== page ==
Concept of One Rupee Coin on Occassion

Logic of 1 Rupee Coin on Occasions

Everything in life has its own importance or a matter of belief. India is a diverse country so are the people who follow different beliefs that make them stand up high among others. One such tradition that is widely seen in India is Giving One Rupee coin as a Shagun.

On an auspicious occasion like a birthday, engagement or marriage, sometimes we prefer giving a “शगुन का लिफाफा” instead of a gift item. But the money we put in the envelope is never like Rs. 100, 500 or 1000; but it is always Rs. 101, 501 or 1001. That is the real amount, whereas the pending 1 rupee is considered as debt. As per belief, it means that that person will pay back rupee one (1) whenever he/she will meet next time. The cycle goes on like this that results in forming a strong bond. The more you will meet, the better will be the understanding and relation. Basically, it is a way of saying “we will meet again“.

Have you ever thought why we add that extra one rupee in the शगुन का लिफाफा 🤔 ? Well, there are four age-old reasons for doing that:

  1. “Zero” signifies an end, while “One” signifies a new beginning. That extra one rupee ensures that the receiver does not come across a zero. Rupee 1 an amount or a shagun which is given at the beginning of something. How could be something good start with a zero (as per psychological notion), so add a rupee simply, and as counting begins with one (1). So, one is considered as the beginning of something good.
  2. Mathematically, the numbers 100, 500 and 1000 are divisible; but the numbers 101, 501 and 1001 are indivisible. शगुन is a blessing, and we simply want our good wishes and blessings to remain indivisible.
  3. The added one rupee is a symbol of continuity, ahead of the basic amount. It strengthens the bond between the giver and the receiver. It simply means, “our good relationship will continue”.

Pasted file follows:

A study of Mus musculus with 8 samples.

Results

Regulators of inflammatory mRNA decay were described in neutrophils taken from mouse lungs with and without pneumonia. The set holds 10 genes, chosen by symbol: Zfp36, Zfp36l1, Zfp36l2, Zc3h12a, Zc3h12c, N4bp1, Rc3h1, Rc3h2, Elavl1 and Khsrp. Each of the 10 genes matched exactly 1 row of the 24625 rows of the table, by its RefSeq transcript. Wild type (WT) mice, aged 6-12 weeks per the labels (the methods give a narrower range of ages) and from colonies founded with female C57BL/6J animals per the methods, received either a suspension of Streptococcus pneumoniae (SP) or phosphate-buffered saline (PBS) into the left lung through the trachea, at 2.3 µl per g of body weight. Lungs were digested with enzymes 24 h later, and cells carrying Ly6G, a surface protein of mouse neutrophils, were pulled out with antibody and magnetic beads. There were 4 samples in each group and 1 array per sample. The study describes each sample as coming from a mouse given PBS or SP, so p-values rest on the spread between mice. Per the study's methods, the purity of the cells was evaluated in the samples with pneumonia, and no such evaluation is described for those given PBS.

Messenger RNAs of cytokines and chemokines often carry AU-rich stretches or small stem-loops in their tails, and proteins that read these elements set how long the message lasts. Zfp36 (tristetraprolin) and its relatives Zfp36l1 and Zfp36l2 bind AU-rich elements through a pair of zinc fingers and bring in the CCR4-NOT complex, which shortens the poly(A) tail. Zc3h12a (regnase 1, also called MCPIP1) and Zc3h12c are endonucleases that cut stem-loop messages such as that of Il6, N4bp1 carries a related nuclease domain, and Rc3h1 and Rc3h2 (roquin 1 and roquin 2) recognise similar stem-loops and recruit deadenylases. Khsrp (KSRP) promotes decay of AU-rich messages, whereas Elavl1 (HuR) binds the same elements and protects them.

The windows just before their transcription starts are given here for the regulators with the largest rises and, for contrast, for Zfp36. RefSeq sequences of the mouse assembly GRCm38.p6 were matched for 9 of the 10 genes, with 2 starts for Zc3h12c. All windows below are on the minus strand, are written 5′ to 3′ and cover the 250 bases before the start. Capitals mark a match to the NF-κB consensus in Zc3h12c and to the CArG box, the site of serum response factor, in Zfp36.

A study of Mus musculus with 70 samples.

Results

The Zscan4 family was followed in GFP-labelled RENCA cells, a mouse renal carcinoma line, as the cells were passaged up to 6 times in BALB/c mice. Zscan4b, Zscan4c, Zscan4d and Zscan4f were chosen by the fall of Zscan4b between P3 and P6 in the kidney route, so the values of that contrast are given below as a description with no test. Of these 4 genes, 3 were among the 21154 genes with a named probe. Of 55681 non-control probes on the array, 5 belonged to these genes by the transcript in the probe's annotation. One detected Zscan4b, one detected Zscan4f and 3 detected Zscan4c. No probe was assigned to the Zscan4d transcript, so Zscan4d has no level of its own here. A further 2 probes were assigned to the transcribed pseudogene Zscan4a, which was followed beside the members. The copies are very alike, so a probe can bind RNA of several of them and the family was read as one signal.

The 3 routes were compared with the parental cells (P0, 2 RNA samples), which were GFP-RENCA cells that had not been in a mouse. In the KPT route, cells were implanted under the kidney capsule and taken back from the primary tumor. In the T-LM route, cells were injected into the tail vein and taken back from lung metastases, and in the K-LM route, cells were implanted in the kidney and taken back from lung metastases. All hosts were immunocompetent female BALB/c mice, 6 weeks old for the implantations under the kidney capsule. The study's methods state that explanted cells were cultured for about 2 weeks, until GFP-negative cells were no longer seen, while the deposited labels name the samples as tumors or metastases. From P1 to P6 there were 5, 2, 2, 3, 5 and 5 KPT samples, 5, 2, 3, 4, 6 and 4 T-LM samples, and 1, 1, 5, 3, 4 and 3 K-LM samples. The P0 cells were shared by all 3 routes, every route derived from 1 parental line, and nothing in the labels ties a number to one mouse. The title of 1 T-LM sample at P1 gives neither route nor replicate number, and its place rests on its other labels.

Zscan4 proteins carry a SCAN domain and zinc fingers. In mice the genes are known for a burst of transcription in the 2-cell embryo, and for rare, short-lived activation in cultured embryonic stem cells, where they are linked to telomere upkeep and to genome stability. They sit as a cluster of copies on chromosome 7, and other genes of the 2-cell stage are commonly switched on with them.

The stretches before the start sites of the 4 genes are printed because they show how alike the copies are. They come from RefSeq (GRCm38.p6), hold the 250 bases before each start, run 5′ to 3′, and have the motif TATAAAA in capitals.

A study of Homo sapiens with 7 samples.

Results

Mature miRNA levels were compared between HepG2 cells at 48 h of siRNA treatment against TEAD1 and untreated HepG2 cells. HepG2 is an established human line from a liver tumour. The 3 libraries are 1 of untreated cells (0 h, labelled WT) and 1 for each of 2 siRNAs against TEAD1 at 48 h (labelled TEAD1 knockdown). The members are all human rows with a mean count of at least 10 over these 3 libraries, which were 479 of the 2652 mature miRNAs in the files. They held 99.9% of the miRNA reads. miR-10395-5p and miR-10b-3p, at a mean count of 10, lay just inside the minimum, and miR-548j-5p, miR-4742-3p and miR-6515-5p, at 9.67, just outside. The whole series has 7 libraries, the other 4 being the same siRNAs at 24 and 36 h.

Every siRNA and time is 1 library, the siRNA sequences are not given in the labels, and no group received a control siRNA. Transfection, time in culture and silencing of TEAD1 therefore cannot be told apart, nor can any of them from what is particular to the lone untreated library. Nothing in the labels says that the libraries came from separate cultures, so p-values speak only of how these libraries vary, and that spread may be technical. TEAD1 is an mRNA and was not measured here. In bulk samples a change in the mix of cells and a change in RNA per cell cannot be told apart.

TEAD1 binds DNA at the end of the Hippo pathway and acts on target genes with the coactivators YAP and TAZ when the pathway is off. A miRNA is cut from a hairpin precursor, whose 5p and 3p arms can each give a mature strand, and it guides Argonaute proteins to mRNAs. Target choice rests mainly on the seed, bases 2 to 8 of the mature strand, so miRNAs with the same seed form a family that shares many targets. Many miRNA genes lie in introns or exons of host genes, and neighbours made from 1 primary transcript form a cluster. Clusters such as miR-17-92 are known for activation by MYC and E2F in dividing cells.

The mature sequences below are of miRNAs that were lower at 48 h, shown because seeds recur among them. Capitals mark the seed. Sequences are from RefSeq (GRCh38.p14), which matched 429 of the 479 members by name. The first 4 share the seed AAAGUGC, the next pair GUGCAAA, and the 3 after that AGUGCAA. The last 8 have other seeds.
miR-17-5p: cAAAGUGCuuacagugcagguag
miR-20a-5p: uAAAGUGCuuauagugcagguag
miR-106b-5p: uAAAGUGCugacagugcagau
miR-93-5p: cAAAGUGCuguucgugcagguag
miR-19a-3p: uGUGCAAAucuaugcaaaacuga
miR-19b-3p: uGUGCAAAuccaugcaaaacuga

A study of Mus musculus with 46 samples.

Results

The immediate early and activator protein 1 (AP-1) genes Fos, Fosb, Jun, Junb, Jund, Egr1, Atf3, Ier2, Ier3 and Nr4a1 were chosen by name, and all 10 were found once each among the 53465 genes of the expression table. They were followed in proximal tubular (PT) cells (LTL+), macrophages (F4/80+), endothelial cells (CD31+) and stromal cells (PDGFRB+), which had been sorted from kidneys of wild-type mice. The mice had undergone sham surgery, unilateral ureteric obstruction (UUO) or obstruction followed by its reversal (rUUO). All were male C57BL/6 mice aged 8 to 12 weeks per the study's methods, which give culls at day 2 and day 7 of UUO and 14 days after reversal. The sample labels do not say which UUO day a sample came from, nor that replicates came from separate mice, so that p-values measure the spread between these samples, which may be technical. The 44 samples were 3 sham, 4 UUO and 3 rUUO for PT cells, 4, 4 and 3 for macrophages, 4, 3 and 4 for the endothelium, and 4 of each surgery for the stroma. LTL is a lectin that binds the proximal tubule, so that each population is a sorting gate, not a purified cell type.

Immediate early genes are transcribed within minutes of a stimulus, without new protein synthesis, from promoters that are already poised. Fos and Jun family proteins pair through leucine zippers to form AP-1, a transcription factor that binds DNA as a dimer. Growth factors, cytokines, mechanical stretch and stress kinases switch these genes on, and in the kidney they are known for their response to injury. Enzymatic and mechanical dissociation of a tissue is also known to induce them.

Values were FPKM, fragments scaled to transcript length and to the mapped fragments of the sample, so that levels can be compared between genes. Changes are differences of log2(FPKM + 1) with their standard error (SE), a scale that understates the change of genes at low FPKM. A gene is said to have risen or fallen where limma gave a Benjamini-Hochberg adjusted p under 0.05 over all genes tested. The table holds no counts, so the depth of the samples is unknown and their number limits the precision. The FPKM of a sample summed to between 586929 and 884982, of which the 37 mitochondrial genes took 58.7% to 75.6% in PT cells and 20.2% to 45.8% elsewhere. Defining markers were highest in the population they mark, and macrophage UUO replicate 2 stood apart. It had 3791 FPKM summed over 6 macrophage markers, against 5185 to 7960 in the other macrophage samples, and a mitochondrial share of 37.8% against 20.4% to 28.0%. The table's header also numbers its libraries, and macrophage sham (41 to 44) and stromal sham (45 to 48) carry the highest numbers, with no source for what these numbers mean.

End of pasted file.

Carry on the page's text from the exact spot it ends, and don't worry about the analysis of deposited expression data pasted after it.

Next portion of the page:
4. Knowing the fact that shunya/zero is not considered very auspicious for family persons, so we add one to the given amount. Shunya is associated with Brahma jnam as is the Brahma muhurta. Any work started in this hour apart from meditation/spiritual activity is bound to be fruitless. So, if gifts were in kind then you could give a gift like clothes, jewellery, and add the coin.
  5. However, the added rupee must be a coin, and never a one rupee note. A coin is made of metal, which comes from Mother Earth 🌍 and it is considered to be an अंश or a part of Goddess Lakshmi. We all know that on Dhana Trayodashi/Dhanteras, it is considered auspicious to buy silver/gold or metal utensils. It corresponds to Prithvi Tattva (Earth Element) of the Pancha Maha Bhutas.
  6. It is basically a blessing: let the money not stop with what the person gifts but increase. ‘0’ signifies the end while ‘1’ signifies the beginning. This is the motive that the cash is gifted in numbers such as 51, 101 etc. Elders say that invest that one rupee in doing good deeds, charity or for a great purpose to increase in either cash or kind or karma. Giving an extra coin is seen as a silent wish for the receiver to have more in his/her life.
  7. It is said that one must give some metal (dhatu) as a gift. Remember, your elder’s use to give an additional metal coin or one rupee as a Dakshina to priest. Coins are metallic. Copper and silver coins used to be the norm earlier, but now we have steel based alloys to give them as a token (shagun).
  8. While the bigger amount is an investment, the one rupee coin is the “seed” for further growth of that investment. Your good wishes and blessings are for the investment to grow in either cash, kind or karma.